By Debbie Hanlon
When I started out in real estate I was 28-years-old. I was the single mother of three young children, living on social assistance, and I didn’t even own a car at the time. Yet within a year I was the top agent in my home province. Within a year I was No. 1 in buyer controlled sales across Canada out of over 6,000 in the real estate company I worked for. Within two years I owned my own brokerage. Just think about that for a second: single mom on welfare, three small kids and no car, to No. 1 in my first year in the business. I went on to start my own real estate company. I was named to the top 50 CEO list three different times. I was named one of Canada’s top 100 female entrepreneurs out of hundreds of thousands.
Do you know how I accomplished that? I did it by readjusting my attitude about what I did for a living. Now, ask most real estate agents what line of work they’re in and they’ll tell you they’re in sales. Ask them what they sell and they’ll tell you houses, property – they sell real estate. It’s that attitude about what they do for a living that prevents them from doing as well as they can. It’s what keeps them from rising to the top where the real money is made. As strange as it sounds, thinking that you’re selling houses is stopping you from making it in real estate.
The first lesson you need to learn and one I learned as soon as I got into real estate is you’re not in the business of selling houses. You are in the business of selling yourself. Let’s face it; a house is the largest financial transaction most people will ever make. No one is going to buy a house with you until they buy into you. You will not sell a single house before you sell yourself. So sell yourself first. The houses, the property, the real estate and the money will all follow. Trust me, if a 28-year-old single mom on welfare can do it, you can do it.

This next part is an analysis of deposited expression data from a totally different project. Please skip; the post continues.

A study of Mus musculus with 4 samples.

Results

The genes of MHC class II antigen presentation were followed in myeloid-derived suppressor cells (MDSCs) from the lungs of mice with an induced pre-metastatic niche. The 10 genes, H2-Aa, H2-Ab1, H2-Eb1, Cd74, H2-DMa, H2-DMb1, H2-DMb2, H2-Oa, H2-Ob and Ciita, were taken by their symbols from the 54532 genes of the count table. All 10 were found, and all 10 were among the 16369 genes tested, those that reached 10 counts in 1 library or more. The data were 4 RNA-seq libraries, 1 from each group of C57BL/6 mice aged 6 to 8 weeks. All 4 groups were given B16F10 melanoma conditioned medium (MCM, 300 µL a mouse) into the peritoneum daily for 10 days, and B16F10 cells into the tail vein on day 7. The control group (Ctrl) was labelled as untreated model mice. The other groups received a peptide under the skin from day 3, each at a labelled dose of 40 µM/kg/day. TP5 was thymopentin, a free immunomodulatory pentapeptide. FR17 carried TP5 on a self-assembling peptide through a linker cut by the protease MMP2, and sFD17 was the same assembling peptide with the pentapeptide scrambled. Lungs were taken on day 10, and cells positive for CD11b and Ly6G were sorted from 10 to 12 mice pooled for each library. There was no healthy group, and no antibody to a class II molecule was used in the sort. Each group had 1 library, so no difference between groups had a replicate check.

They gave me an office where I worked. It had a desk, a phone and a phone book. It might have had a stapler, I don’t remember. I spent my first few days going through that phone book and finding the telephone numbers of everyone I could remember from my past. I called them and told them I was in real estate and would appreciate it if they used me when they bought or sold a house. I put all their names and contact information into a contact list I was building.
Once I’d gone through my sphere of influence, I added five contacts a day to that contact list. These contacts could be the bus driver (I still had no car), the girl who served me coffee, the woman at the dry cleaners, anyone and everyone I came into contact with. Real estate, more than anything else, is a contact sport.
I know agents who’ve been in this business for 20 years and have 100 people in their contact list. You meet more people than that in a month. Meeting people, saying hello I’m so and so and I’d like to offer my assistance if you ever need any real estate services, is a free way to market yourself. You’re selling yourself every time you say hello to someone new.
Building a contact list is the cheapest, easiest form of self marketing and it doesn’t matter what stage of your career you’re at, it will help you. There are many other ways of selling yourself that we’ll be getting into as we go along in future columns. The main thing to remember right now is you’re not selling houses, you’re selling yourself. You can do this. You can lift your career to a whole new level through self marketing. Don’t sell yourself short.
Debbie Hanlon is the president and founder of Hanlon Realty. She is a three-time top 50 CEO winner and was named one of the top 100 female entrepreneurs in Canada. She is currently an elected city official in St. John’s, Nfld. and is available for motivational and training seminars. Email [email protected].